Colombia Stock Exchange
|Colombia Stock Exchange|
Bolsa de Valores de Colombia
|Founded||November 23, 1928|
|Key people||Rafael Aparicio Escallon (Chairman)|
|Currency||Colombian peso, American dollar|
|No. of listings||89|
|MarketCap||US$ 200 billion (September 1, 2010)|
|Website||Colombia Stock Exchange Home Page|
The Colombian Securities Exchange (BVC) was created as a result of merging the three independent securities exchanges of Bogotá (Bolsa de Bogotá, 1928), Medellín (Bolsa de Medellín, 1961) and Occidente (Bolsa de Occidente, Cali, 1983). It has offices in Bogotá, Medellín and Cali. Furthermore, with the BVC Training Centers the company is located in 19 Colombian cities through agreements with universities and chambers of commerce.
As an infrastructure provider and securities issuer, the BVC is overseen by the Financial Superintendence. Its main function is to be financing alternative for the productive system, through direct investment. The BVC does not have regulatory or oversight functions.
The idea of a stock exchange in Colombia occurred originally in Medellín at the beginning of the 20th century with an initiative in 1901 and then in Bogotá in 1903 with an unsuccessful outcome. It was not only until the late 1920s when the political and socio-economic landscape seemed to give more opportunities of survival.
It was in mid-1928 when a group of entrepreneurs and government officials from Colombia and abroad organized the promotion of the Bogotá Stock Exchange (Sp. Bolsa de Bogotá) so they could establish the judicial and operational framework of the newly created organization. Former Minister of Economy and jurist Jorge Soto del Corral composed the regulations of the new entity and on November 23 of 1928 the public title 1702 was signed and constituted the Bogota Stock Exchange as a public limited company. On May 6, 1929 the first board of trustees was elected.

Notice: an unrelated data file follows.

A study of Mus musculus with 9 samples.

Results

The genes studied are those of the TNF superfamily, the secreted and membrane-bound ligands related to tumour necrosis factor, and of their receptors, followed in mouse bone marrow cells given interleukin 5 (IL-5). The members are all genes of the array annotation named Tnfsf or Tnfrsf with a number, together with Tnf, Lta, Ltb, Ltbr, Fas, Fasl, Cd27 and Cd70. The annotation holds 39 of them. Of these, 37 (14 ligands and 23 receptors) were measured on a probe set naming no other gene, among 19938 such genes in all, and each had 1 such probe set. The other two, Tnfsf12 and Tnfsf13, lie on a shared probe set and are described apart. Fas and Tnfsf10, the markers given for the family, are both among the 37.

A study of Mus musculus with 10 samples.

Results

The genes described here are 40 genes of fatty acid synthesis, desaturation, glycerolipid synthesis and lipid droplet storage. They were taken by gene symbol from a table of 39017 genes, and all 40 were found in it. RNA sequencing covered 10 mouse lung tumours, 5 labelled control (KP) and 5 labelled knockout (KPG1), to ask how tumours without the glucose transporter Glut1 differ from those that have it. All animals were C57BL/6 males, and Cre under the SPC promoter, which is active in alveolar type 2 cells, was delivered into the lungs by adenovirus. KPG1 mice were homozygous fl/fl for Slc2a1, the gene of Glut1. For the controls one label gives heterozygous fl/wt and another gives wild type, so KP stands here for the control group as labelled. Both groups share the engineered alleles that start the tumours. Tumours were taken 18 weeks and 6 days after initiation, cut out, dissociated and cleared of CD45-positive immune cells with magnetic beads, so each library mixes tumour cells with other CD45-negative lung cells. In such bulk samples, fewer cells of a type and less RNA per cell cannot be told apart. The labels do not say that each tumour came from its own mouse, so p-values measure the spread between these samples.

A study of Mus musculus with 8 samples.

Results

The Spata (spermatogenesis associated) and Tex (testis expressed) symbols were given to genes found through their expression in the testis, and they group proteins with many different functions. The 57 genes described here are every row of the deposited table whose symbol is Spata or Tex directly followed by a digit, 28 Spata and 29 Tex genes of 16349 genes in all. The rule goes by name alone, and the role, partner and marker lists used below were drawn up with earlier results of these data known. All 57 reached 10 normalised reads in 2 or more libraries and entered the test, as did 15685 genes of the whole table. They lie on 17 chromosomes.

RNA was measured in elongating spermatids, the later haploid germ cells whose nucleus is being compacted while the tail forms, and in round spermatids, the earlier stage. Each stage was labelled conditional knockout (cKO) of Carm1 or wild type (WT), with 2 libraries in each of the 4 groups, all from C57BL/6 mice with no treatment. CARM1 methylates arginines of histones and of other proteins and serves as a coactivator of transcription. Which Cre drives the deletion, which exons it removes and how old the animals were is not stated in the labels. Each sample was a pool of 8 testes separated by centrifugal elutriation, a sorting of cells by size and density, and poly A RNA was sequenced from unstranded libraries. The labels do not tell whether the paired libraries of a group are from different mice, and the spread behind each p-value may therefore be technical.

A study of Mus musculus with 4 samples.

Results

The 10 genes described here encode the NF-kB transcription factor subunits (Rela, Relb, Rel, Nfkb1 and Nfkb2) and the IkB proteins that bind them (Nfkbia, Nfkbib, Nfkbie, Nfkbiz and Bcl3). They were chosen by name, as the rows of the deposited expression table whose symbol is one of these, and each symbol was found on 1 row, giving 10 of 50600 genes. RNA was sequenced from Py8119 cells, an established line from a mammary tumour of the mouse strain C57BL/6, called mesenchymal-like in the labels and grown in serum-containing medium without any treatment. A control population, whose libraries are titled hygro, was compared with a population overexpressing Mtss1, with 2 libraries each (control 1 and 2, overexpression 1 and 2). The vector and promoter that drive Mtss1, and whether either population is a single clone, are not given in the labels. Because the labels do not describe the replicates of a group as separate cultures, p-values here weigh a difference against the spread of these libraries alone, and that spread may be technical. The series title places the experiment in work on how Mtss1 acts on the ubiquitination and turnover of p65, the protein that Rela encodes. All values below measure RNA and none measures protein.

In March 1929 the first 17 traders were assigned by Banking Superintendent Gonzalo Cordoba and on April 25 corporations and organizations registered their shares, this included banks, financial service companies and manufacturing and commercial services corporations. Among them Bank of Colombia currently branded as Bancolombia which is also a NYSE listed company and Scadta today known as Avianca.
Bogotá Stock Exchange remained as Colombia's only stock trading organization until the 1950s when Medellín created its own Stock Exchange. This was particularly useful for the coffee trade since Colombia's coffee market's original birthplace is the Department of Antioquia.
Cali created its stock exchange in the mid-1970s.
The main driving force of this stock exchanges was the economic growth it meant to their participants. However, the policy making of the original stock exchange and Colombia's Bank of the Republic (Similar to the United States Federal Reserve) was archaic for today's standards.
The evolution of the financial policies of the estate, the fundamental macroeconomic principles, the development of a financial system, the creation of entrepreneurial groups and the evolution of illegal drug trade and the violence it brought, were factors that decimated the share trading market of Colombia during the 1970s. Despite these problems and the original stock exchange losing its original mission of being a vehicle for the trading of shares, its executives pursued the improving of the credibility of Bolsa de Bogota by concentrating in the operations between potential investors and shareholders.
During 2001 it became necessary to merge the three regional stock exchanges into what it is known today as Bolsa de Valores of Colombia (Stock Exchange of Colombia).
Another highlight was the start-up of the Integrated Latin American Market (MILA, in its Spanish acronym) on May 30, 2011. This was the result of an agreement signed between the Santiago Stock Exchange, the Colombian Securities Exchange and the Lima Stock Exchange. At the same time, the Deceval, DCV and Cavali Central Securities Depositories were also set up to create a regional trading market for equity securities from the three MILA countries. [www.mercadomila.com] opens up a world of opportunities for investors and brokers from Chile, Colombia and Peru, who have been able to easily buy and sell stocks from the three stock markets through a local broker since the start of MILA. The Mexican Stock Exchange is expected to join MILA in 2014.
- Economy of Colombia
- List of stock exchanges
- List of American stock exchanges
- List of Colombian companies
- http://www.lablaa.org/blaavirtual/revistas/credencial/junio2002/labolsa.htm Luis Angel Arango Library article.
- Bolsa de Valores de Colombia
- Directory of brokers on the Bolsa de Valores de Colombia (page in Spanish)
- Financial site of the Colombian Stock Market(page in Spanish).